UCSB doctoral student explores nixtamalization and its impact on food production m
By TESS KENNY
NEWS-PRESS STAFF WRITER
Hundreds of years from now, researchers may be looking at how you sautéed onions or boiled pasta and wonder what that said about our civilization. While food practices may not seem like the most obvious way to express yourself, what you eat and how you cook leaves a trace.
Today, one paleoethnobotanist is following that trace back in time. And it looks like she’s going in the right direction.
Emily Johnson, a doctoral student at UCSB, has developed a direct method to identify a key cooking process of indigenous communities in the archaeological record. While similar work has been done before, Ms. Johnson’s research is the first to specifically detect nixtamalization, a significant production process for maize and key indicator of societal progression.
“I am particularly interested in understanding the ways (food production) was negotiated as societies became increasingly hierarchical, and political and economically complex,” said Ms. Johnson in a news release. “Increased reliance on a few staple crops, such as maize, that often occurs with this shift can be detrimental unless adaptations are made to the diet.”
For societies that rely on just one or two crops, these adaptations can mean the difference between life and death. In ancient Mesoamerica, maize accounted for up to 80% of a typical diet. When that corn is consumed without being transformed in some kind of way, the likelihood of disease and malnutrition grows.
That’s where nixtamalization comes in.
For thousands of years, this production process has played a significant role in the foodways of indigenous communities throughout North America. Even today, nixtamalization is the first step of turning maize into masa for staples like tortillas or tamales.
Nixtamalization begins with cooking maize in a basic alkaline solution, which gives the corn increased nutritional value and more flavor, too. Microscopically, this process looks a lot different from others that have been tested before.
“Usually, starch grains have a blue tinge,” said Ms. Johnson. “They’ll look bloated if they’ve been boiled or like sludgy slimeballs if they’ve been gelatinized. But what I saw was something completely different.”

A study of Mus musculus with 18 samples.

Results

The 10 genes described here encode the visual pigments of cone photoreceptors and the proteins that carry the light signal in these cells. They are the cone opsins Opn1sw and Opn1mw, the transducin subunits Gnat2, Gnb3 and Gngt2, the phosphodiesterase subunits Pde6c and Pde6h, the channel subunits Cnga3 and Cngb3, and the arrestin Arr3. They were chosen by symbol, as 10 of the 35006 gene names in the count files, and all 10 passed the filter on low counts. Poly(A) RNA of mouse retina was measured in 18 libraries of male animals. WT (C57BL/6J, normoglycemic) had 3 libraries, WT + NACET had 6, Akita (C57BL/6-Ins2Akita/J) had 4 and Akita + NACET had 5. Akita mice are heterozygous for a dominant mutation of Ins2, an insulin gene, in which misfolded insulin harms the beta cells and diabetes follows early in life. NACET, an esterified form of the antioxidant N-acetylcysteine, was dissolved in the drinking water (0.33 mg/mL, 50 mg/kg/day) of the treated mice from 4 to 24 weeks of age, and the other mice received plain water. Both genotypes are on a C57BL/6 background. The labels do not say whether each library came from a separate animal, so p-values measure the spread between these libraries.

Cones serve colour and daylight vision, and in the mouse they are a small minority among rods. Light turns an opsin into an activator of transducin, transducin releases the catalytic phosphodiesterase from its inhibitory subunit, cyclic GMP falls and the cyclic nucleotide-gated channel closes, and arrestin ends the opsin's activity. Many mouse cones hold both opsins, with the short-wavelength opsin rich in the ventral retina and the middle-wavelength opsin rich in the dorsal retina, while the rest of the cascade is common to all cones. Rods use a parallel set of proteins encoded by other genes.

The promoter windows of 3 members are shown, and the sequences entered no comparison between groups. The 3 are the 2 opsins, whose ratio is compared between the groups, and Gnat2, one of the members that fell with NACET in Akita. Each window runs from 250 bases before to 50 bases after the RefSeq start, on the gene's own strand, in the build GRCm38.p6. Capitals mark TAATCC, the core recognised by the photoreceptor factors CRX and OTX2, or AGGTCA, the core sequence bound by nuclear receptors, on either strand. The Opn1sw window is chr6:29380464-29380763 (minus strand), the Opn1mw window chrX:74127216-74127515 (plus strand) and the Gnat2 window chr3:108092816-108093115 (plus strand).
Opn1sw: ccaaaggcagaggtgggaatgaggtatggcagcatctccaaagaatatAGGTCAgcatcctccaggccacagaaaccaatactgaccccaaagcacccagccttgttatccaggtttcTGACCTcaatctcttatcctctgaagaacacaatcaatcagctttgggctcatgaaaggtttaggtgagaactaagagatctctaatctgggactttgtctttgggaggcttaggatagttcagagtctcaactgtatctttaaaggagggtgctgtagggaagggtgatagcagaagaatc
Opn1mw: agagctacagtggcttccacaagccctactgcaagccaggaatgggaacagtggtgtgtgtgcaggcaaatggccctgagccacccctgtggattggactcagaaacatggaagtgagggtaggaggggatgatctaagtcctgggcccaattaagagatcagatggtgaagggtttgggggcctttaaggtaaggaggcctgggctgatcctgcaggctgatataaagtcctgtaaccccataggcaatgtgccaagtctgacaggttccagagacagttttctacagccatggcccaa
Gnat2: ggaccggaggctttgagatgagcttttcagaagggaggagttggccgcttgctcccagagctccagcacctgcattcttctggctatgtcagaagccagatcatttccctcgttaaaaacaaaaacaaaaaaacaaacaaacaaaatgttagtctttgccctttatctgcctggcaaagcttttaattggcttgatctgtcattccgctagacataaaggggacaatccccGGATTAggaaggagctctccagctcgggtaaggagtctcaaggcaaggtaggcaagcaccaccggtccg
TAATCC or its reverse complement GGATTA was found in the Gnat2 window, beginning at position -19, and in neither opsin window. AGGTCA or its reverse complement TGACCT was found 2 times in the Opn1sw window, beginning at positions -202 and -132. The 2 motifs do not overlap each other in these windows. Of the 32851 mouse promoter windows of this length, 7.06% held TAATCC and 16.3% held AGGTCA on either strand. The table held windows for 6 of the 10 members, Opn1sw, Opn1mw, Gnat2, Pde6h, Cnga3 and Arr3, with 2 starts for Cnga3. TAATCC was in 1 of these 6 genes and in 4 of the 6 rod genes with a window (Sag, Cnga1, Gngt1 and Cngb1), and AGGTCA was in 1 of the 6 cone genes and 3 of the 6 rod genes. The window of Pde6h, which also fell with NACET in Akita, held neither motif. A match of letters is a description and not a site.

To find that difference, Ms. Johnson replicated the process. She quickly noticed the damage from cooking starch granules – the primary component of maize – were observable in significant ways.
“(The granules) expanded, but in a really uniform, spherical shape,” said Ms. Johnson. “They took on this really interesting rainbow refringence, which is different from the blue standard you see.”
Researchers can visibly detect these altered granules. With Ms. Johnson’s research, they have a new key for decoding the archaeological record.
“We don’t know where this process really started,” said Ms. Johnson. “We can kind of guess by using proxy evidence like the cooking materials or grinding stones, but it’s really important to understand what people utilized this process.”
Following nixtamalization through history means more than noting a civilization’s dish of the month. Knowing where and when people utilized this process can reveal patterns of growth, migration and culture.
“Is this happening in these smaller nucleated sites away from larger urban centers?” asked Ms. Johnson. “Or were people utilizing this process right before you see the shift into the larger growth of cities and major river areas? Where is the map?”
Those questions are what drew Ms. Johnson to her research from the start. As an undergraduate at Boston University, she quickly realized that food could be used to understand more than just diet. Now in her second quarter at UCSB, Ms. Johnson is beginning to get answers with the help of her advisor, Professor Amber VanDerwarker.
“I was really drawn to UCSB for the work Amber does,” said Ms. Johnson. “She studies in the same region of America that I do, integrating ideas of how complex society changes over time and how sustenance is impacted by that.”
For Ms. Johnson, the next step in continuing this line of research is moving out of the lab and into the field. She and Ms. VanDerwarker have already identified communities in the Southern Gulf lowlands in Mexico with existing evidence of maize-dominated diets.
“I’m trying to find an archaeological site where I can get residues from pottery I can actually test,” said Ms. Johnson. “That way I can see if the same kind of starch granules I saw in my experimental work shows up in my real life samples.”
While Ms. Johnson’s work is focused on the past, her discoveries may leave a lasting impact on current and future cooking methods. Still a major practice in Mexico and Central America, nixtamalization represents where other societies could be headed.
“Do we need to transform our own dietary practices?” asked Ms. Johnson. “This is in response to more personal nutritional stress of today. So people are exploring monocrop culture and what that means for our nutrition in the long run.”